Today marks my bicentennial as an opinion columnist: the 200th published column since my journey began in other pages in 2013 as (how my neighbour introduces me) one of TT’s public intellectuals. It’s my 80th with Newsday.
I’m no Martin Daly or Keith Smith, who each seem to have written for 200 years, with published column entry collections. But given how life’s going at the moment, it’s important to mark the milestone with a bit of celebration — and reflection.
Being able to write — and to publish in these pages — are privileges I take quite seriously.
Unlike many writing teachers, I firmly believe we’re all writers. A writing workshop with that belief made me into one. I celebrate what spoken-word has done for young people’s literacy, countering the forces of digitalisation pushing against penmanship. No talent is equally gifted, but making each of us our best writer should be the mission for more who gatekeep things literary.
In 2017, before coming to Newsday, I asked readers, in a digital democracy that enables Rhoda Bharaths and Kia Hoseins, “What should a good column do?” The Prime Minster reminded this week what news media would look like left to politicians. But I questioned then: were the newspaper marketplace ruled by the consumer’s invisible hand, who would readers choose to read?
I’m not here because I’m the best, or most popular. I think I’ve been afforded the privilege to remain because I have something particular — perhaps unique — to say. Six years ago, I started out to write a column reflecting on “one nation…many bodies: boundless faith.” I pitched it as writing about citizenship, sexuality, masculinity, gender, politics, often, but not always, in intersection; a perspective on policy and culture from someone for whom the state and others make gender and sex the key frame through which I engage the world. I’d also weigh in on consumer issues. “That means writing about men’s issues from a critical and often feminist perspective, weighing in in man/woman debates, talking about sex and society and making it into something beautiful and precious and natural.” I was determined to not talk about LGBTI issues in my NGO voice, but rather “in the weft of the discourse” — early column critiqued officials’ pathologisation of fatherlessness, countering that boys turn out just fine growing up without fathers. “Or with two,” it ended.
When I chose a couplet from Sparrow’s LuLu as epigraph for my 2016 poetry collection, I began thinking about columns like poems — the small acts of the treachery I think all writing is, calypsoes I was singing on not just the powerful but those in my intimate life, telling stories on them (by first name only).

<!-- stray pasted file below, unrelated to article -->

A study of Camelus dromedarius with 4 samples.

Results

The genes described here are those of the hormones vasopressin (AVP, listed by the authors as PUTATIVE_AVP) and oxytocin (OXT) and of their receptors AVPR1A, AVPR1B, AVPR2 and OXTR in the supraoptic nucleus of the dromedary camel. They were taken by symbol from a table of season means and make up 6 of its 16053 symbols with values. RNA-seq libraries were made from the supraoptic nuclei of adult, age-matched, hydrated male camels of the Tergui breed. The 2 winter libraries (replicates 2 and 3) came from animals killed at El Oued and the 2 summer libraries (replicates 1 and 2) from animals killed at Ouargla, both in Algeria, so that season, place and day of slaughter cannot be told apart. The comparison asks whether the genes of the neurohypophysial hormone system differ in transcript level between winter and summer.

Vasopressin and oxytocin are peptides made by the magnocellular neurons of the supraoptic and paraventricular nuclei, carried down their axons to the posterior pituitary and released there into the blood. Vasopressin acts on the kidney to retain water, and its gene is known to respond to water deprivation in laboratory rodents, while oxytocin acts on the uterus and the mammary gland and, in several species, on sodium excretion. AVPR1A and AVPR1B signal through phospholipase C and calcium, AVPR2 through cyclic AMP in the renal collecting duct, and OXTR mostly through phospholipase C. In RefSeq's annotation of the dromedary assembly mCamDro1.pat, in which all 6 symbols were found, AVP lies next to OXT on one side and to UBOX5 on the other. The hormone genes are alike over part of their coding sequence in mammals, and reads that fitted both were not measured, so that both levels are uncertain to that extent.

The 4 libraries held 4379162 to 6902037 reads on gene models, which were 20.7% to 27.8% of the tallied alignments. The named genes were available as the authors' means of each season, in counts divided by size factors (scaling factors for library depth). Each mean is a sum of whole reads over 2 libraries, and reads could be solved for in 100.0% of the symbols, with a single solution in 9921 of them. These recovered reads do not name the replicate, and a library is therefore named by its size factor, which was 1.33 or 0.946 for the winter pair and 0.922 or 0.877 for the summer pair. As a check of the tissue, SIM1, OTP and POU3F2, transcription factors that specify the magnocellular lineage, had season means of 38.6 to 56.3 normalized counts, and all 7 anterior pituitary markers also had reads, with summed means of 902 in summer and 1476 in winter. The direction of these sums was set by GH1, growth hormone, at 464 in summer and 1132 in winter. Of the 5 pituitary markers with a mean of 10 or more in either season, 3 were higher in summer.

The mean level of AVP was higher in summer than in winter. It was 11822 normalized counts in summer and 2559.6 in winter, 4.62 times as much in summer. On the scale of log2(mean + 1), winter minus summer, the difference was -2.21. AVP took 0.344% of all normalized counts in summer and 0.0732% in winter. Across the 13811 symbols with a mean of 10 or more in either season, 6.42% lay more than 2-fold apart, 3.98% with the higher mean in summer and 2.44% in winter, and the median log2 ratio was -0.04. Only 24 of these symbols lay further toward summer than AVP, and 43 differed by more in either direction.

Soon I’d settled that simply “telling small stories” was “what I do best here. Small stories that I think in the telling become enlarged.”
In 2017 I’d asked: “would it be enough to tell a good story every week? Some illuminating experience or epiphany from the week gone by, embroidered into a lesson. Inflected by the particularity of the writer’s experience. Essentially, what any good novelist or sermon does. Is our role simply to use our powers of observation for good? What about disclosure? Is the writer’s life-experience the gold? Apart from the advice column’s clumsy dialogue with our love lives, should some opinion writers at least be required to engage with the nation’s emotional life, our longing, our hurts, our fear? Is the column’s duty to put lives on the page, the writer’s or others’?”
This column tries to use narcissism only strategically. Instead of celebrating myself, let me use this personal anniversary to celebrate others. Besides young people and colleagues who’ve co-written columns — Ash Allman, Amir Denzel Hall, Westmin James, Keron King, Kareem Marcelle, Élysse Marcellin, Sabrina Mowlah-Baksh, Angelique Nixon, Brendon O’Brien, HR Ian Roach, Gerald and Geraldine Skeete, Jabari Taitt — I want to pay tribute to four writers.
Jensen La Vende’s brilliant account of Christopher Selby’s taxi ride after his 2015 jailbreak first brought him to my attention, before he joined Newsday’s crime beat.
I am most in awe of Alake Pilgrim’s generosity as a critic and reader, but the immense talent and daring vision she wielded when we first met I pray will yet make her one of the most important fiction writers of her generation.
I adore Andil Gosine, because he writes with scholarly incisiveness about my own work and other sexual politics, but also for his radical playfulness as an installation artist with ohrnis, cutlasses and epistles. I can’t wait for him to publish a book.
Among spoken-word poets, Kyle Hernandez amazes me most — his impressive capacity for emotional nuance, his breathtaking risk taking. Sometimes it misses badly — like this year’s slam final — but seeing an artist so unafraid to stretch is magical. His wonderful comic timing in voicing the Consent Doubles video is another treat.
I wish my mother had been a writer. Her generation witnessed more sweeping social and technological change than any other. I regret she could not put aside shame to record that.